The most raw, captivating and consequential drama in American politics will unfold on Capitol Hill this summer: the race among both Democrats and Republicans to be party boss — and king or queen of Congress. 

The big picture: Nothing exposes the ambition, game-playing, back-scratching and winner-take-lots of politics than congressional leadership races. There's scheming, lying and the naked display of human nature. You're running against your ostensible friends — and finding out who your real ones are.

  • And thanks to Paul Ryan’s retirement and Nancy Pelosi’s polarization, the leadership of both parties is now in play. Just as control of the entire House is in play.

The latest palace intrigue among House Rs: The current #2 is Majority Leader Kevin McCarthy (Calif.), the favorite to succeed Ryan — despite being denied the office once before — especially because he's so close to President Trump.

  • If McCarthy can't get enough votes — possible, given opposition among the conservative Freedom Caucus — then the most likely pick would be the current #3, House Republican Whip Steve Scalise (La.).
  • Scalise won’t (directly) challenge McCarthy for the top job, but will step into the void if McCarthy falls short — or thinks he will fall short because Scalise allies tell him so. Scalise is viewed as more conservative and ideological.
  • McCarthy is a political animal and massive fundraiser.
  • President Trump, who has mused about making McCarthy his chief of staff, could pick the winner. McCarthy’s weakness is hard-right Rs, so Trump’s endorsement could prove decisive if it ever came. 
  • Another possible behind-the-scenes drama: Ryan said he plans to remain in office through the election, but will members let or want him?
  • A former top Republican aide on the Hill tells us: "Donors won't give him another penny. Members won't take a tough vote because he asks. The idea that he would lead us into the most difficult midterm election while looking for another job is alarming."

And among the Ds ... House Minority Leader Nancy Pelosi should be a sho0-in to keep leading Democrats if she were not so radioactive in swing districts.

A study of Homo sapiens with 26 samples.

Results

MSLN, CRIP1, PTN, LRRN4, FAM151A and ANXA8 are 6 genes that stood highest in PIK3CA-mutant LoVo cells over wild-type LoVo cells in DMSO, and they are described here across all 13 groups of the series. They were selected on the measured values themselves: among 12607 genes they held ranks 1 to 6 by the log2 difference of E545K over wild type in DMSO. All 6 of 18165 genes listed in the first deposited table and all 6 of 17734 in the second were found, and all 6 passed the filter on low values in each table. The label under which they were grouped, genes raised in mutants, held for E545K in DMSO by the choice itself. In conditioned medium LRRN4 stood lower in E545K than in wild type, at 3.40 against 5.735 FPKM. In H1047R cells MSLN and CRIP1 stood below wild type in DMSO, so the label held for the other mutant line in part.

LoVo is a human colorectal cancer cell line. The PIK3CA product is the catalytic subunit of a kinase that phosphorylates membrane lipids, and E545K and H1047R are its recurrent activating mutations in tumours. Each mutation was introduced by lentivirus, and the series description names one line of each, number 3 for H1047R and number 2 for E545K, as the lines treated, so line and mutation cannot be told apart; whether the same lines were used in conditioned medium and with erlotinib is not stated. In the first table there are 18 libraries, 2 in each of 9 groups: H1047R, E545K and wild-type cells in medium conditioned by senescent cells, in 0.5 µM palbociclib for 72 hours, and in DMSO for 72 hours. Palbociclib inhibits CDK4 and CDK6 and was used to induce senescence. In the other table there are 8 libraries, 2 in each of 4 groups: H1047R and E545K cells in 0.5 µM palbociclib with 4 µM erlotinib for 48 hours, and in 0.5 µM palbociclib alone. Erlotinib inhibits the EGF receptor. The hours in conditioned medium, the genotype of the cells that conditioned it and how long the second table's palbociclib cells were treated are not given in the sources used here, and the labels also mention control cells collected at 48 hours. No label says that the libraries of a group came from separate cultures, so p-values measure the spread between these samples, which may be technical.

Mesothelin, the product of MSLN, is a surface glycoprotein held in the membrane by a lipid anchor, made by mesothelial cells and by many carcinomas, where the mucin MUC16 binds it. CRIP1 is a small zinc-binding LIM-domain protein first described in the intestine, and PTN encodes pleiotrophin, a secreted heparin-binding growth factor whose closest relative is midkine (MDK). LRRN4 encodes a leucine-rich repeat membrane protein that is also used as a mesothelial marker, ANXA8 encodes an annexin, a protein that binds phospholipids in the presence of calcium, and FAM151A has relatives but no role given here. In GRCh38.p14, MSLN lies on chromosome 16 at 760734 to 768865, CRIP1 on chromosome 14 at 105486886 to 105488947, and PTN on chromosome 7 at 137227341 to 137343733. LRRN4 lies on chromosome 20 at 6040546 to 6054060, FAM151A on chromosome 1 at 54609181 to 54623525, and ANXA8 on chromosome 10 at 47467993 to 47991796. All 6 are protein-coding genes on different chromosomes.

• Rep. Joe Crowley of Queens is viewed by Dems as a plausible alternative because a growing number of Democrats in swing districts are pledging to oppose her to prove they are not super liberal. If enough swear off Pelosi, she might be forced to step aside even if Democrats win the House. 

Be smart: With a record number of women voting, after a record number of women ran, after a presidential election that saw the first woman win the popular vote but lose the White House, it will be very hard for Democrats to deny Pelosi the speakership.

  • Be even smarter: Being speaker is a much better thing to say you do, than to actually do. The power of leaders has been drained by the rise of social media, outside money and polarization. That’s why the last two — Ryan and John Boehner — quit with relief.

CPAC Republicans choose conservatism over constituents

Rep. Matt Gaetz. Photo: Elijah Nouvelage/Bloomberg via Getty Images

CPAC proved such a draw, conservative Republicans chose the conference over their constituents.

Why it matters: More than a dozen House Republicans voted by proxy on the $1.9 trillion COVID-19 relief bill in Washington so they could speak at the Conservative Political Action Conference, known as CPAC. And Sen. Ted Cruz skipped an Air Force One flight as President Biden flew to Cruz's hometown of Houston to survey storm damage.

Border Democrat warns Biden about immigrant fallout

Henry Cuellar (right). Photo: Tom Williams/CQ-Roll Call Inc. via Getty Images

A Democratic lawmaker representing a border district warned the Biden administration against easing up too much on unauthorized immigrants, citing their impact on his constituents, local hospitals and their potential to spread the coronavirus.

Why it matters: Rep. Henry Cuellar (D-Texas) told Axios he supports President Biden. But the moderate said he sees the downsides of efforts to placate pro-immigrant groups, an effort that threatens to blow up on the administration.

In CPAC speech, Trump says he won't start a 3rd party

Trump at CPAC on Feb. 28 in Orlando, Florida. Photo: Courtesy of C-SPAN.

In his first public speech since leaving office, former President Trump told the audience at the Conservative Political Action Conference (CPAC) that he would not start a third party because "we have the Republican party."

Why it matters: The former president aims to cement himself as Republicans' "presumptive 2024 nominee" as his top contenders — including former members of his administration — face the challenge of running against the GOP's most popular politician.